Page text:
Irish Cancer Society announce multi-annual funding to continue Julie Wren’s legacy

The Julie Wren Complementary Therapy Service funded by the Irish Cancer Society will support over 1,000 families

This International Childhood Cancer Day, the Irish Cancer Society has announced the multi-annual funding of The Julie Wren Complementary Therapy Service. 

The Irish Cancer Society will invest €400,000 in the service, with the ambition to support 1,000 families with over 5,500 complementary therapy sessions over the coming years.
Each year in Ireland, around 200 children under the age of 16 and around 70 teenagers aged between 15 and 19 are diagnosed with cancer.

The Julie Wren Complementary Therapy Service funded by the Irish Cancer Society is a haven on St John’s Ward in Children’s Health Ireland (CHI) at Crumlin. This service provides complementary therapies to children and their families while receiving treatment in hospital as part of their plan of care. Complementary therapies provided include: massage, reflexology, Indian head massage, baby massage, aromatherapy, mindfulness and meditation. 

Funding by the Irish Cancer Society will continue the service in The Julie Wren Complementary Therapy room, the service will also be available in the new Children’s Hospital once it opens. The room was originally opened in 2011, pioneered by the generosity of the Wren family and the Julie Wren Trust.

Esther Wren sold their family farm, following the death of her daughter Julie (8) from cancer in 1993. Esther used these funds to help create the service, which helps children with cancer and their families manage stress, anxiety, pain, and nausea.

Amy Nolan, Director of Clinical Affairs at the Irish Cancer Society saidCancer can be devastating at any age, but for children and teenagers affected by a cancer diagnosis, the impact is particularly stark. With each year, the Irish Cancer Society continues to increase our supports for children, adolescents, and young people (CAYA) and their families.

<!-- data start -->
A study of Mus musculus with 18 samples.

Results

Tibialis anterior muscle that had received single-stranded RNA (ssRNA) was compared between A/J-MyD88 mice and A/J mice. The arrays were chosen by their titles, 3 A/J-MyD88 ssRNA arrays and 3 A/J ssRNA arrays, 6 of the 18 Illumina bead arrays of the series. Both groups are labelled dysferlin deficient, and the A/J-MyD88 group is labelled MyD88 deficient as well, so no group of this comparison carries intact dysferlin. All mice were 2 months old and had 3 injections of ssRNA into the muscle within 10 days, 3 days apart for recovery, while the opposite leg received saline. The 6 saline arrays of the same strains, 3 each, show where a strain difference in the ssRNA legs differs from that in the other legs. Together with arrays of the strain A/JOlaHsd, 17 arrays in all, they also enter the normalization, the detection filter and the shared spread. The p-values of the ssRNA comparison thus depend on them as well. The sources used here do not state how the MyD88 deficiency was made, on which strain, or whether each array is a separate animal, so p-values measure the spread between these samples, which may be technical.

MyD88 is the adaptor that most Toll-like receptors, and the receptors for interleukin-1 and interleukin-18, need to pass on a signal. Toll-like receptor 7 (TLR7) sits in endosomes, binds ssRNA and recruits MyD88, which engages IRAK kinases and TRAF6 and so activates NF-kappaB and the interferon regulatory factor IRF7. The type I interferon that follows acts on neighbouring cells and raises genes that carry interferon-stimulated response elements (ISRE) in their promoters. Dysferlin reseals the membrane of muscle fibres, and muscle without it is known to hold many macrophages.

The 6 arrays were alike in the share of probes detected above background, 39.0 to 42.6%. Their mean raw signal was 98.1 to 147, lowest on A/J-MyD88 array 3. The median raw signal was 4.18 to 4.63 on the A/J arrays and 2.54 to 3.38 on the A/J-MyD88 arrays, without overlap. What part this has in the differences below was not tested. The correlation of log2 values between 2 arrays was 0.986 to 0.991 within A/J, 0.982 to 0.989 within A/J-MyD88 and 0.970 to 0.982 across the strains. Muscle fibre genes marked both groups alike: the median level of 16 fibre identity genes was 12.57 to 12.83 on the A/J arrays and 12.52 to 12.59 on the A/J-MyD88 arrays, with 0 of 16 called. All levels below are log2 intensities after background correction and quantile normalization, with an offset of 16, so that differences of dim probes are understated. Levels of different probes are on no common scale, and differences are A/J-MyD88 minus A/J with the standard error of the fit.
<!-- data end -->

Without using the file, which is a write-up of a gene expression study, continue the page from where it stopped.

“We are thrilled to be able to fund this incredible service, which provides solace and support at a time when families really need it most. With just 5% of our funding from the State, none of this would be possible without the generous donations and fundraising efforts of the Irish public on days such as Daffodil Day. As an organisation, we are truly honoured to play our part in continuing Julie Wren’s incredible legacy.” 

Esther Wren said “Julie was a beautiful little girl who inspired us all to live life fully. She gave generously and cared for others and demonstrated that it is possible to change the world in small, but wonderful ways.

“The Julie Wren Complementary Therapy Service was originally set up by me, Julie’s mother, as a way of continuing Julie’s loving, generous spirit in supporting children and parents on their most difficult journeys.

“The Julie Wren Complementary Therapy Service provides Complimentary therapies while our precious children are going through their cancer treatment programme. We are delighted that the Irish Cancer Society funding will continue this vital and important service, we are so grateful for the organisation’s ongoing support.”

Lorraine Sebestova, mother of Lily (9), whose family have benefited from the service, said “It’s difficult to put into words, what a difference The Julie Wren Complementary Therapy Service has made to both Lily and I’s experience with cancer. For Lily, she has a place to feel safe during her chemotherapy. The therapists will talk to her about her day and even make up essentials oils for her to use at home when she is away from the hospital.

“For me, it is an escape and a place to walk away from the chaos on the ward. The door is always open when a session isn’t taking place, so I sometimes take half an hour to myself before going back to reality. The atmosphere and the smells of the aromatherapy oils just lift your spirits and give you that little boost to keep going.

“None of this would be possible without the public’s generosity on days like Daffodil Day, so please, show your support this Daffodil Day, March 22nd, so every family in Ireland has access to these vitally important supports and services.”

Dr Jane Pears, Consultant Paediatric Oncologist at the National Children’s Cancer Service at Children’s Health Ireland said “In the hospital, we have witnessed the very real benefits of The Julie Wren Complementary Therapy Service for children diagnosed with cancer and blood disorders, as well as their family members. Complementary therapies help relieve pain levels, reduce anxiety and stress and reduce nausea. We are so grateful to the Wren family for pioneering the establishment of the complementary therapy room and to the Irish Cancer Society for now funding this incredibly worthwhile service. I know so many of our families have found it to be an invaluable support.”